Making things better for kids takes people with the skills, persistence and experience to work together to find solutions. We work with nonprofit and public leaders to help them achieve results for large numbers of children.
Actually showing that poor families are better off because of the work you do is not easy. Readers will find a Casey case history that shows how Results-Based Accountability (RBA) does it along with RBA definitions, timelines, leadership spotlights, lessons learned, practical tips and proven advice for creating a results-driven culture.
Diverse leadership makes nonprofits more effective, according to research. Yet, in the nonprofit sector today, just 10% of CEOs and board chairs and 16% of board members are people of color. Leveling this professional playing field involves building organizational cultures in the social sector that place racial equity at the center of internal operations and external programing.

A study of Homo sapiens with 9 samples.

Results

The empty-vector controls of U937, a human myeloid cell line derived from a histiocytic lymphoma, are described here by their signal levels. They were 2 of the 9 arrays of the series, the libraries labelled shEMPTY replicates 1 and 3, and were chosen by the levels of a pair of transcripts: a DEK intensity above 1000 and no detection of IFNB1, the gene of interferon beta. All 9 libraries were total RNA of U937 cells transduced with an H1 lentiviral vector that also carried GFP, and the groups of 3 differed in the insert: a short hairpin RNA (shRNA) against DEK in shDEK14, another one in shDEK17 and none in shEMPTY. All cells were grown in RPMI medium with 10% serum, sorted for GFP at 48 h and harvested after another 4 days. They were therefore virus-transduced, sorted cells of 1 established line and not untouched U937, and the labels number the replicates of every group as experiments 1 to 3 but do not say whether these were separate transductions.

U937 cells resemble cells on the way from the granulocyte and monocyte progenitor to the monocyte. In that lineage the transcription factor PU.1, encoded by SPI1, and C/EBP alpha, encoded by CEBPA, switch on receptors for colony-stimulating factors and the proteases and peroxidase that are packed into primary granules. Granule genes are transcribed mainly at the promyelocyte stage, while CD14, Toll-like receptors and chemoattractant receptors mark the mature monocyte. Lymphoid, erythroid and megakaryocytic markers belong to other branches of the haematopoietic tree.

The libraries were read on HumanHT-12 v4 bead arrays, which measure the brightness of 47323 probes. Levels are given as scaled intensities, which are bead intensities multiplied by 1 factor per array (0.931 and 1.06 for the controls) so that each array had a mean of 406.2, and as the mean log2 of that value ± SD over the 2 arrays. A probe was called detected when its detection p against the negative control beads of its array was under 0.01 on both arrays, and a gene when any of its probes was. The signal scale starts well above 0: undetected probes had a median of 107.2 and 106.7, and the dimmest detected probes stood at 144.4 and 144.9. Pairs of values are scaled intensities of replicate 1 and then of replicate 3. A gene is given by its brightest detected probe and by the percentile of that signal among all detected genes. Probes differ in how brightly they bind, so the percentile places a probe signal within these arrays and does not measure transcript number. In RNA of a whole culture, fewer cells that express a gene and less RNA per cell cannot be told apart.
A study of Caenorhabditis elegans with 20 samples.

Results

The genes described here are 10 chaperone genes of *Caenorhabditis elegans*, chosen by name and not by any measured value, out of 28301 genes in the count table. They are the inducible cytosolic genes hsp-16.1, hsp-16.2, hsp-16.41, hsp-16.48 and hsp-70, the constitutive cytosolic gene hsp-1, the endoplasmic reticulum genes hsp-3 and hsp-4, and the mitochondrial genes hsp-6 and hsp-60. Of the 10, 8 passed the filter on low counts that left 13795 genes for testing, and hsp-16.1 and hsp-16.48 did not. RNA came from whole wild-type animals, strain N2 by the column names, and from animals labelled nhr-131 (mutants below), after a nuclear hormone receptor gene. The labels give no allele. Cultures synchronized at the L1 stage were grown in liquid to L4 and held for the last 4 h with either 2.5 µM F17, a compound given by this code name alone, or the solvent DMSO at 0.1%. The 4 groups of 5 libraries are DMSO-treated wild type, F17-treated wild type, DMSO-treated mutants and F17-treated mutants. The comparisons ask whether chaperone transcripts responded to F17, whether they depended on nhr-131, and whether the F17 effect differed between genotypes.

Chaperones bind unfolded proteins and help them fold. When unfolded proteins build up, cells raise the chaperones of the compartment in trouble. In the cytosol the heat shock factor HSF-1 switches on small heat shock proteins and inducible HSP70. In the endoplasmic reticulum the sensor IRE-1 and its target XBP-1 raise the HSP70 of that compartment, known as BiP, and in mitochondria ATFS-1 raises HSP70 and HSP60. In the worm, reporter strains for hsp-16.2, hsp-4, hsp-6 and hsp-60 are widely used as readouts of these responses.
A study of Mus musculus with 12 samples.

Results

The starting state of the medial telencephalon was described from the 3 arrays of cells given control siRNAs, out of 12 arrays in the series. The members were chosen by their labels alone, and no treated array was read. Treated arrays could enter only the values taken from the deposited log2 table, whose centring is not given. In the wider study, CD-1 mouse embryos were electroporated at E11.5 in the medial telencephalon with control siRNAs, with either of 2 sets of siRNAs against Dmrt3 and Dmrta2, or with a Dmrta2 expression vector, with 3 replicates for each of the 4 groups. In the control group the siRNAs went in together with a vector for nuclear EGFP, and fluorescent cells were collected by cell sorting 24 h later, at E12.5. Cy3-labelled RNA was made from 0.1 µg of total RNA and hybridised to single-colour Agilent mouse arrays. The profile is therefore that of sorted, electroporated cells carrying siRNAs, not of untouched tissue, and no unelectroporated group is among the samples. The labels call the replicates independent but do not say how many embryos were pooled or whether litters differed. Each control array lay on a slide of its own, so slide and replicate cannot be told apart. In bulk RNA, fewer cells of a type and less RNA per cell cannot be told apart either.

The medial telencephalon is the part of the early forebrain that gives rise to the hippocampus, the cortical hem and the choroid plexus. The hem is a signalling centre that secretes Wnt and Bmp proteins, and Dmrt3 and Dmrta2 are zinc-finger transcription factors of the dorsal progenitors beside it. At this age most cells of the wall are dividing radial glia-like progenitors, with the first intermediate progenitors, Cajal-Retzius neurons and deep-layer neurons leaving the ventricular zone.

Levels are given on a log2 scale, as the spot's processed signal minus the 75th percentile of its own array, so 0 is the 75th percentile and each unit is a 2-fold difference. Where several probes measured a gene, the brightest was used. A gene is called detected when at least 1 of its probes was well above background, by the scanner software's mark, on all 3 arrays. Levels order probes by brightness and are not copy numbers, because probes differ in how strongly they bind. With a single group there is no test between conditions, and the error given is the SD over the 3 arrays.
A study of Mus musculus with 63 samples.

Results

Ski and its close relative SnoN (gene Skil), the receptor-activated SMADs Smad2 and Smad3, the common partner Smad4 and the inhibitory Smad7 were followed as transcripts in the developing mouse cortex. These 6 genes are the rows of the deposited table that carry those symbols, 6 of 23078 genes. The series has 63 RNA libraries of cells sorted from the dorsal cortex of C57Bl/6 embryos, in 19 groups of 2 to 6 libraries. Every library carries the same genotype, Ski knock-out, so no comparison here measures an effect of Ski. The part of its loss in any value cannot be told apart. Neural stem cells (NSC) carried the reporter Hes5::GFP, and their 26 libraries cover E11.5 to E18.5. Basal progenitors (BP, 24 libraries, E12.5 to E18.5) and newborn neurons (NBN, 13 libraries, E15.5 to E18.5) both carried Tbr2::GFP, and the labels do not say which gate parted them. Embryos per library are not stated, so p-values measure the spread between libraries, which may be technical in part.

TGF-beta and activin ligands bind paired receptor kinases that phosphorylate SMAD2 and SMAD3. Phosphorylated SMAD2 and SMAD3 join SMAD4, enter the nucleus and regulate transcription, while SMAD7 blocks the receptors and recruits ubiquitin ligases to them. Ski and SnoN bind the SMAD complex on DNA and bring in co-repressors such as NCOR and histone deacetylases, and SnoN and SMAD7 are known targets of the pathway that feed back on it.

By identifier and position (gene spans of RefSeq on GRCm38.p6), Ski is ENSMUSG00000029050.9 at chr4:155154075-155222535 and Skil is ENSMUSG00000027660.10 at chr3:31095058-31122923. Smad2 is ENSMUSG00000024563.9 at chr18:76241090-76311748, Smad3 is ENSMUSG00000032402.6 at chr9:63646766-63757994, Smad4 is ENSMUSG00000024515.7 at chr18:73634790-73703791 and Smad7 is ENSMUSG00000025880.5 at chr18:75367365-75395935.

Leaders committed to helping all children succeed must understand the roles that race, class and culture play in shaping outcomes and opportunities for vulnerable children nationwide. Enter the Results Equity Crosswalk, a new tool from the Annie E. Casey Foundation that enables leaders to bring attention to and act on racial and ethnic disparities.
Now through Jan. 25, 2018, agencies and organizations affiliated with a Juvenile Detention Alternatives Initiative site can apply to participate in a professional development program supported by the Annie E. Casey Foundation called Re-Imagining Juvenile Justice.
Now through Jan. 31, 2018, residents of Atlanta's Neighborhood Planning Unit-V can apply to participate in a new nine-month leadership program aimed at helping residents effect positive community change.